We had a great opportunity to join Chuck Vandaele of the Eagle 93.5 FM on the morning show to talk coffee and tea. You can hear the 4 part interview by going to the morning show website
While Other Brother Roasters has been in operation for almost 5 years we've always operated "behind the scenes" so to speak. We are very thankful for everyone that has supported us over this time. We are excited to announce that Other Brother Roasters will be moving our roasterie into a retail shop in Winkler coming Fall 2017! Follow us along while we turn this former office into a go-to coffee stuff shopping spot (say that ten times fast - ha!) also, it will smell amazing
Some fun facts about decaf: since caffeine gives coffee the majority of its bitterness decaf tends to be much sweeter, the decaf process affects the cellular structure of the bean so that even at light-medium roasts you'll still get surface oils whereas with regular coffee you'll only get that with a dark roast, also with some decaf coffees you'll get a very savoury smell (like meat) after roasting
Left: decaf coffee before it's roasted. Right: regular caffeinated coffee before its roasted.
Well, there is no short or clear answer! In traditional Italian coffee an espresso roast would be a very dark and oily roast that probably contains a percentage of robusta (a cheaper more bitter coffee variety). By roasting dark and using robusta they were able to create a coffee that isn't too picky about grind, doesn't significantly change taste as it ages and creates a lot of crema (the light brown foam on an espresso shot).
We at Other Brother Roasters like to keep it simple - an espresso roast is anything you would put into your espresso machine. Any coffee can be a used to make espresso but there is one thing especially that makes espresso easier to work with and that is solubility. Roasting a coffee to be brewed in a drip coffee maker (which takes a few minutes) is different than roasting for espresso (which takes a few seconds to brew) because we want the coffee to extract at different rates. So through some tricks of roasting we are able to increase the solubility of a roasted coffee (even at a light roast) so that it extracts nicely and evenly when brewed as espresso. Another thing we do when roasting for espresso is tame the acidity (or liveliness) because the espresso brewing method tends to accentuate this more than other brewing methods.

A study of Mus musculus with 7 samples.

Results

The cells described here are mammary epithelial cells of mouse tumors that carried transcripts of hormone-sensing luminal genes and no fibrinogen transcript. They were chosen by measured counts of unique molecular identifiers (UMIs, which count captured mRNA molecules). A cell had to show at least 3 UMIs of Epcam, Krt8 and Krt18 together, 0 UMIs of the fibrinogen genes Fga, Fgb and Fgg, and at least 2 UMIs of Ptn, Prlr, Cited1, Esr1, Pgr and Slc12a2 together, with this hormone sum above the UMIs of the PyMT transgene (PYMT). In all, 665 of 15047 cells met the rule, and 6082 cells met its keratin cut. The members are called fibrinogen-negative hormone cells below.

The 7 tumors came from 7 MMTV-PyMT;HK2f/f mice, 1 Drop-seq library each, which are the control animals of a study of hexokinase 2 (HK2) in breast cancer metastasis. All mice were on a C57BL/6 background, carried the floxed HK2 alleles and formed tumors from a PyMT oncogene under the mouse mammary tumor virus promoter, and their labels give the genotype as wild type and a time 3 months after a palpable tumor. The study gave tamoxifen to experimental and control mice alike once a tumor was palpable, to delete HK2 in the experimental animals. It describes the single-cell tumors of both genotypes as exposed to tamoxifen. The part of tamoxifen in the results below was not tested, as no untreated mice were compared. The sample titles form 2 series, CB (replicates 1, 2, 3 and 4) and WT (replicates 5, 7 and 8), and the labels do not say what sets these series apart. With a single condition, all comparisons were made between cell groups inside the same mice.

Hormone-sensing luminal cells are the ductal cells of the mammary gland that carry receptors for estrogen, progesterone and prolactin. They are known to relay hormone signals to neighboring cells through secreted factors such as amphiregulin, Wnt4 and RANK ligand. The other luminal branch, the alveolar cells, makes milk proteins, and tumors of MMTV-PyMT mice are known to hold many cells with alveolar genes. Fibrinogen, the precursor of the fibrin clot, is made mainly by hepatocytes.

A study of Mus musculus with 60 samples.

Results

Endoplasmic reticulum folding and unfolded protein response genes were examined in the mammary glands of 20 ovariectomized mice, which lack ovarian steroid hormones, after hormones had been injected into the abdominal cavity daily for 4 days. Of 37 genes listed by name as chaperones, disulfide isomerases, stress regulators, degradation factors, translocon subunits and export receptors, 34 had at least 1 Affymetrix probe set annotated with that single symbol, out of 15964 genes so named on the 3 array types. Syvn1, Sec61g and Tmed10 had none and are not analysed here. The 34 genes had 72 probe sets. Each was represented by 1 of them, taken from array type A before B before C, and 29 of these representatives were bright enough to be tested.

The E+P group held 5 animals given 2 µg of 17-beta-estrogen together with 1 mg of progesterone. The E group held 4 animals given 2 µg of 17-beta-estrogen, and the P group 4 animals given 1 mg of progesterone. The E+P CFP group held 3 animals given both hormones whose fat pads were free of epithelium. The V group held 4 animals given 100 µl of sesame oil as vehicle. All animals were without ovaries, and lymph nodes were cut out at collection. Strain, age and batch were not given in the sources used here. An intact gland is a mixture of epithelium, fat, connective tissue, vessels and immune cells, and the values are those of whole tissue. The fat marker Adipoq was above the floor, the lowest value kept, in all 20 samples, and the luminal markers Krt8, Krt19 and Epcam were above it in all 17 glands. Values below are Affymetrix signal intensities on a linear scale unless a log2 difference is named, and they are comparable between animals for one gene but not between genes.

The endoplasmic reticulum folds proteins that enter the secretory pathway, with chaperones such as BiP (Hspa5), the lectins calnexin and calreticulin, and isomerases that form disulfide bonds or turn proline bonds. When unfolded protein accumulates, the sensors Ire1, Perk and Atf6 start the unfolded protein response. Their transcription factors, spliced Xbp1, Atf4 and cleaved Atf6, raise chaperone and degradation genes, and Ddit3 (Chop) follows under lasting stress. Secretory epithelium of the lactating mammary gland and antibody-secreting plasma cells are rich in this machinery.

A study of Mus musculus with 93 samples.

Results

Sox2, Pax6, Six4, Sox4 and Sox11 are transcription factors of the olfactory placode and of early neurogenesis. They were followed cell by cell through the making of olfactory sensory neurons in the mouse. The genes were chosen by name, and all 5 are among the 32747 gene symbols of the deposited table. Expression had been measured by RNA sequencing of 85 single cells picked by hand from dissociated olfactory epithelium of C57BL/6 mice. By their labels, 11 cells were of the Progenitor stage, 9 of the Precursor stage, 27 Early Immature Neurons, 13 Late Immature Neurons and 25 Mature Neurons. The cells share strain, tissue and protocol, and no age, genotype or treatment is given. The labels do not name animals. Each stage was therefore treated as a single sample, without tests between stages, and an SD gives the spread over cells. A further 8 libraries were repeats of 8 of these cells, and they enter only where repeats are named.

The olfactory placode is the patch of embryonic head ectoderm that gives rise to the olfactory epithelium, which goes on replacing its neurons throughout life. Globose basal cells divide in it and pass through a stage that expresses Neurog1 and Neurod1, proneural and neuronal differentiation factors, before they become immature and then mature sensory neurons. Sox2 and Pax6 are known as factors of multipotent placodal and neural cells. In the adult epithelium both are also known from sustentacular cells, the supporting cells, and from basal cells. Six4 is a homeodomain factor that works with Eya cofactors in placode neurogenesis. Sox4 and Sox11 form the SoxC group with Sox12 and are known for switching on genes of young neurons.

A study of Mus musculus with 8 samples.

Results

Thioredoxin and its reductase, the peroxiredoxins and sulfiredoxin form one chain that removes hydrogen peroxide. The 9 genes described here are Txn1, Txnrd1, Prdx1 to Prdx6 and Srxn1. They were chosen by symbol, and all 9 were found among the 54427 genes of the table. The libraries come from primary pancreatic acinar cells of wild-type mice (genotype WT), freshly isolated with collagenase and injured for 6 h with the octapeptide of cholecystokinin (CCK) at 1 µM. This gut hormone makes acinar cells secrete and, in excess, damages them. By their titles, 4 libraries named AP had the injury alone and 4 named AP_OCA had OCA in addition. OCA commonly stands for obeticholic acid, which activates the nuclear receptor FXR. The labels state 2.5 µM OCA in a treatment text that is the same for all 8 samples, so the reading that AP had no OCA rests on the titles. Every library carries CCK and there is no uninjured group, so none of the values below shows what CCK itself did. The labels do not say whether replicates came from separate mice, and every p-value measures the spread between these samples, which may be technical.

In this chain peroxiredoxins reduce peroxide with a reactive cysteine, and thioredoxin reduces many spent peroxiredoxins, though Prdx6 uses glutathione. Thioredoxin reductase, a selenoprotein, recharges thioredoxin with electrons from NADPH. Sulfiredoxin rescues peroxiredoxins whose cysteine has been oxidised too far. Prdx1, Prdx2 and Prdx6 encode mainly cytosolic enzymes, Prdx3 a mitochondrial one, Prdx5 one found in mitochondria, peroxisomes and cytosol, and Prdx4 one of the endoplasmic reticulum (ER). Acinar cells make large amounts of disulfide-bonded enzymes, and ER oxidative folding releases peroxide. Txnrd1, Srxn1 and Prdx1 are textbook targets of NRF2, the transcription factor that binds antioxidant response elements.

It grows on trees (more like shrubs) and there are usually two coffee "beans" per cherry. The photo shows under ripe (yellow, orange) and ripe fruit (red). In high quality coffee only the ripe cherries are picked but in cheaper coffee all the cherries are picked and even in some cases the entire trees are stripped bare using machines.
There are two main methods to get the coffee out of the cherry - washing the cherry or not washing it - and there are many variations in between. In the washed process first you remove the fruit by putting it through what looks like a large grater to remove the fruit and then you wash it in a large tank.
A fully washed coffee will accentuate a brighter, cleaner and lighter taste of coffee.
A natural coffee will not be washed at all but have the whole cherry (with the coffee inside) dried and then the dried fruit is removed later from the green bean. The natural method will accentuate body, minimize acidity and tend to have more of a fruity taste but there may be more defects because the coffee isn't washed. This is because defective beans float in water and there may be issues with rotting cherry fruit if it's not tended to properly.
A pulped natural is between a washed and a natural. In this process the producer will remove the skin off the cherry but leave the fruity mucilage intact during drying. These coffees have more body and lower acidity than washed but are cleaner and more uniform than natural coffees.
Then we have a wet-hulled sumatra which is essentially a different take on the pulped natural method in that they remove the green bean from the fruit in a similar way as is done in the natural method but then instead of drying it they put it in a tank or sack and let it ferment overnight and then the rest of the cherry is removed. This results in a funky musky, spicy, full body and low acidity coffee which Sumatra is famous for.
left: washed Colombia, center: pulped natural Brazil, right: wet-hulled Sumatra.
Did you know that all of the worlds coffee is grown in countries close to the equator? Also did you know that these are the poorest countries in the world? The commodity price for coffee is just over USD$1.10 now (by the way, similar to what it was in the 1970s) but specialty coffee is purchased for considerably more than that due to the work the farmers have to put into creating a quality product.